Manchester Literature Festival is a small arts charity delivering an annual festival, year-round events, and an education programme for children, young people and families living in some of the most economically deprived districts of Greater Manchester.
Due to the impact of the Covid-19 pandemic, we have already had to postpone our Spring programme of events, and due to the uncertainties around ongoing social distancing restrictions and the impact they are having on our many venue and programming partners, we have had to make the difficult decision to cancel our annual Festival this October too. This means we will lose an entire year’s box office which, when aggregated with the loss of associated memberships and corporate sponsorship, accounts for approximately 50% of our annual income. We are fortunate to be in receipt of Arts Council England and local authority funding, but it will be extremely difficult to survive the financial year from grant funding alone, and we expect to have to use up most if not all of our meagre reserves to cover core costs.
We do not meet the criteria for the ACE NPO Emergency Fund as this is targeted at cultural organisations likely to face a negative bank balance by the end of the summer. For us and other big autumn events/festivals the crunch will come further into the financial year. Unless there is a second and possibly third phase of emergency funding more and more cultural organisations are likely to fold.
We are making some use of the government’s job retention scheme to help secure the posts of our three permanent members of staff but are having to drastically reduce or in some cases completely curtail contracts with seasonal freelance staff who usually help us deliver the Festival.
As a charity we receive mandatory charitable rate relief rather than small business rate relief which meant that we weren’t eligible for one of the Small Business Rates Grants event though we have been forced to work remotely and have been prevented from delivering our core business of live events.
We are obviously concerned about what the future might look like for ourselves, other cultural organisations and artists involved in the staging and delivery of live events. It is very difficult to plan for the future when there is no clear indication of when theatres and other cultural venues will be able to open for business and what restrictions will be in place when they do. It is also difficult to gauge how soon audiences will feel sufficiently safe to start attending big indoor events and have the confidence to purchase tickets in advance.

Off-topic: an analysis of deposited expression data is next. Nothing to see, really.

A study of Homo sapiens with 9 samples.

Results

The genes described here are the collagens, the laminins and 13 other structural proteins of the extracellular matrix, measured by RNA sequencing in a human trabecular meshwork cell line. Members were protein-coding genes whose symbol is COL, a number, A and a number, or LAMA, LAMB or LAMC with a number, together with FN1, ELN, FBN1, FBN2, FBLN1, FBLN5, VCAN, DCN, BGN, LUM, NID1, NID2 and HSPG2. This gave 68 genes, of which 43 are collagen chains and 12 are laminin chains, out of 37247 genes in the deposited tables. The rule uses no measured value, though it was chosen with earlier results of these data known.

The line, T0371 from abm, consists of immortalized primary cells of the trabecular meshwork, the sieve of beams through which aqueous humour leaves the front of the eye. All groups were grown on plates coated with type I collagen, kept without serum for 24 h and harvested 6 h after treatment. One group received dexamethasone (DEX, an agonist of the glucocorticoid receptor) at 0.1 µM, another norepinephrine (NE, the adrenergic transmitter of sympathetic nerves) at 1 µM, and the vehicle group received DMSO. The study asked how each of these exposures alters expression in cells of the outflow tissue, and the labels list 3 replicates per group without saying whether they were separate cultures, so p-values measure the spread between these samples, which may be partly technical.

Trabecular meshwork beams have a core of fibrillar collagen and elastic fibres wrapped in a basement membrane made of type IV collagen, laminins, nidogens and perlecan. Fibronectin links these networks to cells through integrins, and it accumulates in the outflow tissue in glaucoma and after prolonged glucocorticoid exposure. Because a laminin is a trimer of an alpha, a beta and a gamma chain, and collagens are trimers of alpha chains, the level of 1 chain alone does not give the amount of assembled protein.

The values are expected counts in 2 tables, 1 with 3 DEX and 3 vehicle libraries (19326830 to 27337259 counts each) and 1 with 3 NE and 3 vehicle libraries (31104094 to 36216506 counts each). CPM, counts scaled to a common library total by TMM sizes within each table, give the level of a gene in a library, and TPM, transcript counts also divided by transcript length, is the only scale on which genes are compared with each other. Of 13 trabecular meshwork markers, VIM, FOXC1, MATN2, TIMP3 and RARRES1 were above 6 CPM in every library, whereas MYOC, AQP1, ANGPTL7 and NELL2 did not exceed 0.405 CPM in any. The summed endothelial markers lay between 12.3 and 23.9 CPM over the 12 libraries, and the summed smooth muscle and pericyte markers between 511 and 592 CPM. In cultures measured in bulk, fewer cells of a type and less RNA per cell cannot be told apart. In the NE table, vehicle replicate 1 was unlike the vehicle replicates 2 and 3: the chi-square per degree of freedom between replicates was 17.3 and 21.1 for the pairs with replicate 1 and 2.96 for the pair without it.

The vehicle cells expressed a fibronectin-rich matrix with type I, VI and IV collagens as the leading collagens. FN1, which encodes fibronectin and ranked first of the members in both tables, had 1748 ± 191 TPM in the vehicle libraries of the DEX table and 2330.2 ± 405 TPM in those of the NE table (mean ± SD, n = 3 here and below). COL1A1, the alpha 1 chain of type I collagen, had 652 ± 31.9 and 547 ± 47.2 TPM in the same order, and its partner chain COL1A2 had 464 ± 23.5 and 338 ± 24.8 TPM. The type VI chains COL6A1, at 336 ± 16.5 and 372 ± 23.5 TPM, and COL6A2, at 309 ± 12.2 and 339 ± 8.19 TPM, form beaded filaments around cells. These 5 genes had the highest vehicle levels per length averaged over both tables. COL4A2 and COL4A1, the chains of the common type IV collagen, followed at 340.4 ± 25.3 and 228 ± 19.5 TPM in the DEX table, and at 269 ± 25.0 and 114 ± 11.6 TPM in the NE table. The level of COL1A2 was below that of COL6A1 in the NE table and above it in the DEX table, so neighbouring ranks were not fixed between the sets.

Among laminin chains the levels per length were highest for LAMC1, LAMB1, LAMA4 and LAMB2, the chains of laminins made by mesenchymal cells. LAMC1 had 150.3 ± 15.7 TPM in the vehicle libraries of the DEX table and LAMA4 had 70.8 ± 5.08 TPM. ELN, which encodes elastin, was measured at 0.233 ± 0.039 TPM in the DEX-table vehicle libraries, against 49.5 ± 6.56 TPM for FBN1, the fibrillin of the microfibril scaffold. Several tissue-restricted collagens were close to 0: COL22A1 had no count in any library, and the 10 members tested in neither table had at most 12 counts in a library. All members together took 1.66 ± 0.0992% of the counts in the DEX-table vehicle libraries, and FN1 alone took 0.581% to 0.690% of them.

What is clear, is that we will need to reduce our reliance on box office for the foreseeable future. Much of our corporate sponsorship is also in jeopardy and it is going to be very challenging to attract new sponsors in the current climate. Without an increase in public subsidy or an alternative income stream to support our work it is difficult to see how we will survive the next few years.
We are of course exploring digital alternatives to live events but this strategy poses multiple challenges:
It seems likely that one of the lasting legacies of Covid-19 will be to move more cultural product online. DCMS can support organisations such as ourselves by providing funding support and training to support digital innovation. It can also look to support the development of non-commercial digital platforms that are more cost effective and do not risk the misuse of sensitive audience data by big corporate organisations.
Manchester Literature Festival also produces a year-round programme of activities for children, young people and their families from the most economically deprived areas of the region with the aim of increasing life opportunities and supporting young children to become school ready. We have obviously been forced to postpone all face to face activity due to the current restrictions. We have been able to move some of this work online but many of the programmes we deliver are highly interactive, designed to raise participants’ confidence and to build new friendships/support networks as well as engendering community cohesion – things that can’t easily be replicated online. Plus, not all of the families we work with have access to digital devices or a good home broadband connection. We fear that children and young people already facing social disadvantages will fall further behind their peers as a result of the cultural lockdown.